Porrima by POSTVORTARelease date: February 20, 2020
Label: Sludgelord Records and 22 Dicembre Records
It’s been three years since the cinematic-doom band POSTVORTA released Carmentis, the second album in the trilogy based on the cycle of life. On February 20th, POSTVORTA will deliver the third and final installment with Porrima via Sludgelord Records and 22 Dicembre Records. The album was produced and mixed by Riccardo Pasini (The Secret, Nero Di Marte, Ephel Duath) and mastered by Magnus Lindberg (Cult of Luna). It also includes collaborations with musicians Francesco Bucci (Ottone Pesante), Francesca Grol and Alberto Casadei (Solaris).
Porrima deals with the five phases of mourning: denial, anger, bargaining, depression and acceptance, one track per phase. I believe that the band has successfully delivered on capturing the essence of each of those phases through their music. The music equals the complexity of the subject matter and demonstrates this with a lot of unexpected turns, ebbs and flows. Porrima does not deliver in a straight line but one that curves and twists and eventually leads you to where you need to be.
The album begins and sort of ends (I’ll explain later) with the sound of waves crashing, preparing the mind with a mental cleanse. The track ‘Epithelium Copia’ deals with the first stage of mourning: denial. It’s murky and at around the 3:07 mark this muffled sound/voice starts in and then the guitars begin the auditory onslaught. It was pretty unsettling, especially when listening to it through headphones and at night. I loved the haunting addition of the trombone (Francesco Bucci) on this track.
Where the first track had an ambient start, ‘Vasa Praevia Dispassion’ comes rushing at you with full force with its progressive licks. The first of two twenty-plus minute tracks, the band showcases their talent at knowing when to hold back and letting it all go using the ambient end of instrumental rock and weaving it into their sludge-metal reality. The anger and fervor are real.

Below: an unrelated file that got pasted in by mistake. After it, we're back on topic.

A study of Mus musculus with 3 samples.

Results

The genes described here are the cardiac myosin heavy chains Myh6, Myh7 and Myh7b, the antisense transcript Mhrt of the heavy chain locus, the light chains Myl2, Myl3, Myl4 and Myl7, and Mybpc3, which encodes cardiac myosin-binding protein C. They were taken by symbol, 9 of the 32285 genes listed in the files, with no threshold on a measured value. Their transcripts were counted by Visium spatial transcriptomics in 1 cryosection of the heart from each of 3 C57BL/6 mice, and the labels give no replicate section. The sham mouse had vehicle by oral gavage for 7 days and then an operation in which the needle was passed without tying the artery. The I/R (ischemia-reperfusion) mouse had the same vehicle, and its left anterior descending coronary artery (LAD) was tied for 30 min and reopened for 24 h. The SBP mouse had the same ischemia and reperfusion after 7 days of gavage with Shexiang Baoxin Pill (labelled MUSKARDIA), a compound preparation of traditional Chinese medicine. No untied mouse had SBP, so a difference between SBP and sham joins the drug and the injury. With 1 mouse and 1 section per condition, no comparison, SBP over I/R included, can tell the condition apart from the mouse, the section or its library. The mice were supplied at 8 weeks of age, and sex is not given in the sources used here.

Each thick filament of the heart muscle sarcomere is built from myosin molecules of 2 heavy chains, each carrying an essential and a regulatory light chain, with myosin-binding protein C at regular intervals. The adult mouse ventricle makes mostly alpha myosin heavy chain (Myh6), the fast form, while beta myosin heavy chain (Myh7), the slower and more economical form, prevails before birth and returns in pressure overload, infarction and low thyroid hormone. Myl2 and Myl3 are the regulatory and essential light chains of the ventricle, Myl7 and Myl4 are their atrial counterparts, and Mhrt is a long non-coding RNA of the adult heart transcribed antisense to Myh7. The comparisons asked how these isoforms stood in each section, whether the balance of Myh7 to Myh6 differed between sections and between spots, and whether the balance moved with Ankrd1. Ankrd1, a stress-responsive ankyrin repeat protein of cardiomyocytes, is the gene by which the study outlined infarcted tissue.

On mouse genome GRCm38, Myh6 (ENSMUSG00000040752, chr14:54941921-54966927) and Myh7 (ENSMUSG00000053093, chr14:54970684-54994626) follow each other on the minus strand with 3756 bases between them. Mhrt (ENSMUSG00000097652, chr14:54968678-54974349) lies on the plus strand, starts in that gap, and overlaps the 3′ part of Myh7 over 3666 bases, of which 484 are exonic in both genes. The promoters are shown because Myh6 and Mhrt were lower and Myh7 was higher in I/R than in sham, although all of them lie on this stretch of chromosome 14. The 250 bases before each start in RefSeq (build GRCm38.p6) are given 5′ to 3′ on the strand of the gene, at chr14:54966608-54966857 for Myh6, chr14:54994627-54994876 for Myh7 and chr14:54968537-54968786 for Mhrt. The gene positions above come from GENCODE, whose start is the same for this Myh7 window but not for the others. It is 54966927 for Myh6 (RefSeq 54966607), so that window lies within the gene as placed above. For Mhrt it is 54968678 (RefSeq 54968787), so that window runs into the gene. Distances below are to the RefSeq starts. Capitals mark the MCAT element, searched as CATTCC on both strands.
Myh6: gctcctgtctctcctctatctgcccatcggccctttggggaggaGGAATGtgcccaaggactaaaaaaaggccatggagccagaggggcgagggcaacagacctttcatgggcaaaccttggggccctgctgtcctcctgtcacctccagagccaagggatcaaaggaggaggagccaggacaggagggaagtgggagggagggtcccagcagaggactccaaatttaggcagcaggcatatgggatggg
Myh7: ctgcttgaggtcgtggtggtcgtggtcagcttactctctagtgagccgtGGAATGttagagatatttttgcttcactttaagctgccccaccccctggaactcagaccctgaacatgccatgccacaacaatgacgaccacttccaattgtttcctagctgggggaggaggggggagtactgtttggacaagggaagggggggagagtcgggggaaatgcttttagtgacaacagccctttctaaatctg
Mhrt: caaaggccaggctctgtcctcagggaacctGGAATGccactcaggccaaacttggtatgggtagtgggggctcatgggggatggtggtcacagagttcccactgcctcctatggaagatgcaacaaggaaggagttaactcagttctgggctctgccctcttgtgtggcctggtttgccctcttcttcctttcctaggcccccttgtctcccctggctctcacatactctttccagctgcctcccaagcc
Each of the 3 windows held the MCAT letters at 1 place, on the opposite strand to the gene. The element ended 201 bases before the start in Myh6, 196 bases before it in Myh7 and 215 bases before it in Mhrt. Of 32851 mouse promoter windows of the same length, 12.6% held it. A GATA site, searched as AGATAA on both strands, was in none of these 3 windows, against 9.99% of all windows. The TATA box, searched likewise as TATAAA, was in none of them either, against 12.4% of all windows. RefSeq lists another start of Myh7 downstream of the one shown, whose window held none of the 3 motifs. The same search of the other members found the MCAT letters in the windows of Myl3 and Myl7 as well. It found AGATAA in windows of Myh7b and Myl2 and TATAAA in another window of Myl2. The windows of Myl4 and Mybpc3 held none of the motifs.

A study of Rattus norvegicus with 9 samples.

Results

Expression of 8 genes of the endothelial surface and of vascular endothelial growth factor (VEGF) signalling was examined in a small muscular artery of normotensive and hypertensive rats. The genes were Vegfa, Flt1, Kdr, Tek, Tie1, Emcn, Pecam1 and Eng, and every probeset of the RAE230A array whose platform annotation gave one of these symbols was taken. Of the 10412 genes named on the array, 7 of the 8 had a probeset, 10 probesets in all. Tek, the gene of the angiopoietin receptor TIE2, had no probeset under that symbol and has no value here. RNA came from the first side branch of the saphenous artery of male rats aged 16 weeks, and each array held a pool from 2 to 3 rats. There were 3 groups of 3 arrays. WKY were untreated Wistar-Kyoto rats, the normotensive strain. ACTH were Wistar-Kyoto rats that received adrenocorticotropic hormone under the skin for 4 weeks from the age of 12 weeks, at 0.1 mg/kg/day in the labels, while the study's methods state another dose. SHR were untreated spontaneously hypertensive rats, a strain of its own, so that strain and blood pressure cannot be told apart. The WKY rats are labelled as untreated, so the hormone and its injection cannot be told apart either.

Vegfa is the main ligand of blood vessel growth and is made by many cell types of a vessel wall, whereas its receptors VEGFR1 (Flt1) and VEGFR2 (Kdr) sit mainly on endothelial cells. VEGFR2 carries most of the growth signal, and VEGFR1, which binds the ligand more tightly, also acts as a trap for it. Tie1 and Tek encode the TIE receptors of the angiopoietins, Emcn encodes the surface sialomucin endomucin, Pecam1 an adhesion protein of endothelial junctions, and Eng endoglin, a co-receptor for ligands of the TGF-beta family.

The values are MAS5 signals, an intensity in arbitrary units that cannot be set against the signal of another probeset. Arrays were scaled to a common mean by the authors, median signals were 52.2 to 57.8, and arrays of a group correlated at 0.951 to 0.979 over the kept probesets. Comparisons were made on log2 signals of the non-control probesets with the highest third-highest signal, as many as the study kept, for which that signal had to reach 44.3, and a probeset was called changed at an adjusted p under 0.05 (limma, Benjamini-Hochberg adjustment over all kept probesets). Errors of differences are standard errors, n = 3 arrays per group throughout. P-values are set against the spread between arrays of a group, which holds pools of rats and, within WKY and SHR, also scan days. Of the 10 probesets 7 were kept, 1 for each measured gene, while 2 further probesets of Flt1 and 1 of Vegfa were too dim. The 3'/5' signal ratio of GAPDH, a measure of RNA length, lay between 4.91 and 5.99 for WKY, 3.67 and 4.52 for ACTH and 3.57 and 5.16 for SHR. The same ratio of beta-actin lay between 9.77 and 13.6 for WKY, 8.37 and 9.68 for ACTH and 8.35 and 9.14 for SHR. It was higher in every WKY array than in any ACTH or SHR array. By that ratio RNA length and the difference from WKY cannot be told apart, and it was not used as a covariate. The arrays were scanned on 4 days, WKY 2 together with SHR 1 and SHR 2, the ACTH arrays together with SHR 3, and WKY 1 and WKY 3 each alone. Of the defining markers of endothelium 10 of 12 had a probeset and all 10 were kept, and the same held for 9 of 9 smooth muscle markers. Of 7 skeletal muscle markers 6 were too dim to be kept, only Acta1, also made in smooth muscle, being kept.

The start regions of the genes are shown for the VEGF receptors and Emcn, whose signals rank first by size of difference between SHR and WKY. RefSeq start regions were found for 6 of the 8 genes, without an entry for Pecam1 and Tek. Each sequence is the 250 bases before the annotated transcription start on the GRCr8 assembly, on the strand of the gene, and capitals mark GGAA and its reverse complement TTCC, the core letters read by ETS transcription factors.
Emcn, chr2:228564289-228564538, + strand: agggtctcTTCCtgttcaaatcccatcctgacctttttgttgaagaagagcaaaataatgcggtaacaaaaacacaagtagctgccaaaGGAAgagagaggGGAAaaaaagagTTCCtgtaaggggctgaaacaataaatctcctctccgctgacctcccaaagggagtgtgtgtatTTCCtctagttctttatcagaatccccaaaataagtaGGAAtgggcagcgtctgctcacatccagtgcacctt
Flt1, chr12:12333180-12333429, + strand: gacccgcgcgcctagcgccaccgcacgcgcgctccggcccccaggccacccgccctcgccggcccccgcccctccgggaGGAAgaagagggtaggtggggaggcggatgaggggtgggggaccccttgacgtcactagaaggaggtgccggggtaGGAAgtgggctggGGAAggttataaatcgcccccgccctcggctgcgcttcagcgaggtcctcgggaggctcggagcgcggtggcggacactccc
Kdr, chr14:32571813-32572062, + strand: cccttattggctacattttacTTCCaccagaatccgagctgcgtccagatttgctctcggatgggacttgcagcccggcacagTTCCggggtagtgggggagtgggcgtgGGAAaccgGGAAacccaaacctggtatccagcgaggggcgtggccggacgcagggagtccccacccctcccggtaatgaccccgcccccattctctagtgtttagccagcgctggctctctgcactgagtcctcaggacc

The bargaining phase is represented by the track ‘Decidua Trauma Catharsis’. It starts with a synth layer, almost like someone is trying to dial in a radio frequency and soon it goes full out with Nicola Donà’s vocals, guitars, low growl bass and powerful drumming. At around the 7:10 mark, the voice of Francesca Grol starts in. Her melancholic chant coupled with Nicola’s growling vocals sets an incredible contrast. A powerful track that will give you goosebumps with every listen.
The fourth track, ‘March Dysthymia’ deals with depression. It’s an unpredictable track which later includes the voice of Alberto Casadei (Solaris) reciting the poem by Henry Scott Holland, Death Is Nothing At All (La morte non e niente). Another powerful track that ebbs and flows and just when you think you know where it’s heading, it goes in the opposite direction.
The fifth and last track, ‘Aldehyde Framework’ deals with acceptance. It’s an ambient start; calm and introspective. The vocals are far away, in the background with the instrumentation at the forefront before the band goes full out. At just after the fifteen-minute mark it seems the track is about to end as the instrumentation ends and is replaced with the sound of waves, as heard in the beginning of ‘Epithelium Copia’. Not so. Three minutes into this interlude of meditation and introspection, the track morphes into a Mogwai-esque singed instrumentation. A great ending to a well-told story.
Writing and managing concept albums, let alone a trilogy of concept albums, is not an easy feat for any band to take on. POSTVORTA have stayed true to their concept, even with the passage/ravages of time. The band employs an arsenal of genres to execute their ideas and do so successfully. I really love their use of synth on this album and look forward to hearing more of it on future releases.